Bush emissary to visit for talks with PM, PA
President George Bush's deputy national security adviser, Steven Hadley, is expected to visit Israel and the Palestinian Authority in 10 days' time.
President George Bush's deputy national security adviser, Steven Hadley, is expected to visit Israel and the Palestinian Authority in 10 days' time. Hadley will meet with Prime Minister Ariel Sharon and the Palestinian leadership to discuss the situation following Yasser Arafat's demise, the anticipated developments on the Palestinian side, and promoting negotiations.
A political source in Jerusalem confirmed yesterday that "there are ideas about such a visit."
The source added that if Hadley decided to postpone the trip, Sharon's adviser, Dov Weisglass, would then go to Washington.
Hadley will become Bush's national security adviser in January, in place of Condoleezza Rice. His visit to the region will be the first by a senior official in the new Bush administration, and it attests to the White House's intention to deepen its involvement in the Israeli-Palestinian arena and to handle the matter with a hands-on approach.
In his current post as Rice's deputy, Hadley was the White House's coordinator of contacts with the Prime Minister's Bureau in Jerusalem. Among other things, he conducted the negotiations over the exchange of letters of understanding between Bush and Sharon this past April.
Hadley has been to Israel several times in the past two years. On his upcoming visit, he will be accompanied by Elliott Abrams, head of Middle East affairs at the U.S. National Security Council. Abrams may be up for promotion as Hadley's deputy, ambassador to Israel, or as director of the Middle East desk at the State Department.
Meanwhile, British Foreign Secretary Jack Straw arrived yesterday in Israel, and praised Jerusalem's decision to help the PA hold elections, as well as its consent to allow East Jerusalem residents to vote and for international observers to come to the territories to monitor the polls.
Straw termed Sharon's disengagement plan "courageous" and expressed support for coordinating the pullout with the Palestinians.
Straw met with Foreign Minsiter Silvan Shalom, who criticized PLO Chairman Mahmoud Abbas (Abu Mazen) for stating on Tuesday that "we will not be quiet until our people's right of return is fulfilled."
According to Shalom, "This is not the way. We had hoped for another leadership. Israel regrets that Abu Mazen's opening remarks touched immediately on the need to preserve the Arafat legacy, which for us is a legacy of terrorism."
Shalom said the new Palestinian leadership "will not demand any less than Arafat had, but I think it will be more willing to compromise later on, if we can reach a permanent agreement."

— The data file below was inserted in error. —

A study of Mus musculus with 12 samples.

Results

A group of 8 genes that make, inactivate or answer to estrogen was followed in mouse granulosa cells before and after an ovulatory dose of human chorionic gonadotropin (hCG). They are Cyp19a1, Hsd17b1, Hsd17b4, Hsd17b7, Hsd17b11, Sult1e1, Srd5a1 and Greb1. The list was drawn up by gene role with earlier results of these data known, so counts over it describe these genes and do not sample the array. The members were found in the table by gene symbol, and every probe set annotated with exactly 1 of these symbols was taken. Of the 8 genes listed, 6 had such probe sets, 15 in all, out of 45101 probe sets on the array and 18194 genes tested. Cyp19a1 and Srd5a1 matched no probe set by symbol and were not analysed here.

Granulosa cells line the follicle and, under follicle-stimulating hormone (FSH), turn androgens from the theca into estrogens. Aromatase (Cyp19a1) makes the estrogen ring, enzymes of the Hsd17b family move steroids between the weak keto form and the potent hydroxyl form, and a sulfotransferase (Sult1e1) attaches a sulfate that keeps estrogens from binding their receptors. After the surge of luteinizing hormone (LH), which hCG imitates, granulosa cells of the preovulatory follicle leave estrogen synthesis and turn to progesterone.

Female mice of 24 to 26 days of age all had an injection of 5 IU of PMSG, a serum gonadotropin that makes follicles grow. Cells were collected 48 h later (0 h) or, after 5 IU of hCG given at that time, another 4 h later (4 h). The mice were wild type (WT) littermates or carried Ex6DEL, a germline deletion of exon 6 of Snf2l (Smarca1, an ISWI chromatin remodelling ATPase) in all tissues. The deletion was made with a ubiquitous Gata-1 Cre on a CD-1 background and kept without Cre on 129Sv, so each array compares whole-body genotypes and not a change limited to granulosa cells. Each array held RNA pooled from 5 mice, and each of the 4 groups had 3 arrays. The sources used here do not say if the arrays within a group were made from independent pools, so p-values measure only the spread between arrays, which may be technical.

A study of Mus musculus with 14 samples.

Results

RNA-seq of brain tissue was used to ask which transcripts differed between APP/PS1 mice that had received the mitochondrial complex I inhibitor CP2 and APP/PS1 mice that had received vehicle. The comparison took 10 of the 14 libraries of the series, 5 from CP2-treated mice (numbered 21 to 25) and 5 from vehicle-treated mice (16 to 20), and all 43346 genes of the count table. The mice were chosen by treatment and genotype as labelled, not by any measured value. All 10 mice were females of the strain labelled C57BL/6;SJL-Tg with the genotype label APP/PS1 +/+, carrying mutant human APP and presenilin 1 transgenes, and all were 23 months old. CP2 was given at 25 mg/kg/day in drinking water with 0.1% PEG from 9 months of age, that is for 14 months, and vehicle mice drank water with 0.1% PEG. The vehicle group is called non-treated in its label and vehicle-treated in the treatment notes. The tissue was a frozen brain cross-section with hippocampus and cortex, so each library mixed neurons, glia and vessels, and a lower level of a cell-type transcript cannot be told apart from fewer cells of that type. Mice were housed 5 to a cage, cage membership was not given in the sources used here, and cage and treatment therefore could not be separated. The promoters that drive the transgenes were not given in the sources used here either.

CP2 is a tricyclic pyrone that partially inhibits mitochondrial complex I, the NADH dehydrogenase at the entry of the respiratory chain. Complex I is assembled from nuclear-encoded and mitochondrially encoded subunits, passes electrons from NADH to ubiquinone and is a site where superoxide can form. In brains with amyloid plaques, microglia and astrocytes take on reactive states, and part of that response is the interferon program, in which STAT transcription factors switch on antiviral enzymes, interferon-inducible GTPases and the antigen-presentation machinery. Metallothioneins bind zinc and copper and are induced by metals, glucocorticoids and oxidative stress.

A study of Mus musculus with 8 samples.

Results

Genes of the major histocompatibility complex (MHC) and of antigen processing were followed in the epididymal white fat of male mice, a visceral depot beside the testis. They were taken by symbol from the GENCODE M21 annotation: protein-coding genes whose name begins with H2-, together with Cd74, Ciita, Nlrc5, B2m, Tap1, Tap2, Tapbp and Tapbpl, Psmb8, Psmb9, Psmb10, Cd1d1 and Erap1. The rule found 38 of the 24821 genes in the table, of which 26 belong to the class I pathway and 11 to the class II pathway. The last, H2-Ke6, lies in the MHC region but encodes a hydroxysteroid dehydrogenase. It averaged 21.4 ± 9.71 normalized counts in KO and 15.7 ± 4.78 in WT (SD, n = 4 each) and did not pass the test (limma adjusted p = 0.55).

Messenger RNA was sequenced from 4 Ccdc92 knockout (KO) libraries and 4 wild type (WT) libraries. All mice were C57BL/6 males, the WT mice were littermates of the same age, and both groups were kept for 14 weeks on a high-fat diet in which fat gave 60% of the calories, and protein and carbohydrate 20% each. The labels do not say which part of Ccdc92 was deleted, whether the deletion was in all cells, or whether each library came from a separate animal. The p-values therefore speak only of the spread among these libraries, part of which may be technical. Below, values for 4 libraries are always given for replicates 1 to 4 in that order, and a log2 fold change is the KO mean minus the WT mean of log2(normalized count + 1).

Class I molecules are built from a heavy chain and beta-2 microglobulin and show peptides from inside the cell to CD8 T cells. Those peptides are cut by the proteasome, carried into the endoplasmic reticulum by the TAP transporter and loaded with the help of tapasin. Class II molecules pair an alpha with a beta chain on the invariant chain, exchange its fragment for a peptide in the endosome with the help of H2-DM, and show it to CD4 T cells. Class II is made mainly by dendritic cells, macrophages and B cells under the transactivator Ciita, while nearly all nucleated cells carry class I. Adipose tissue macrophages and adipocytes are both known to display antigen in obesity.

Straw dismissed Shalom's interpretation, saying that Abbas' words were "declarative," adding: "Each side presents its positions at the start of negotiations. Ireland's constitution also said for decades that Northern Ireland is part of the Republic. Each side has ambitions, and they will have to discuss those en route to the only logical solution, a peaceful solution."
Britain's prime minister Tony Blair, is planning to visit the area in December, before Christmas, to highlight his commitment to promoting an Israeli-Palestinian agreement.
Shalom told Straw "there are no short cuts" and that it is important to preserve the stages of the road map.
Straw said the British initiative for a London conference was not meant to bypass the order stipulated in the road map: "The map talks about an international convention in the second stage, and we have planned merely a meeting."
Straw also met with the leader of the opposition, MK Shimon Peres, and with Deputy Prime Minister Ehud Olmert. Peres told Straw that it was important for "Gaza first not to be Gaza last." Olmert underscored that it was imperative to stick to the timetable of the disengagement plan and not alter it as a result of international intervention.
Straw will meet today with Sharon, who asked that yesterday's scheduled meeting be postponed because he had "lost his voice." The British later heard that Sharon had attended the funeral of former chief of staff Rafael Eitan. The Israelis were forced to explain that Sharon was not ill, but could not speak.
In a separate development, the director general of the Foreign Ministry, Ron Prosor, departed yesterday for political talks in Turkey to prepare the first visit to Israel by Turkish Foreign Minister Abdullah Gul.
Next week, Israel will host visits by the Egyptian foreign minister, Ahmed Aboul Gheit, and its intelligence chief, Omar Suleiman, along with Spain's foreign minister, Miguel Moratinos.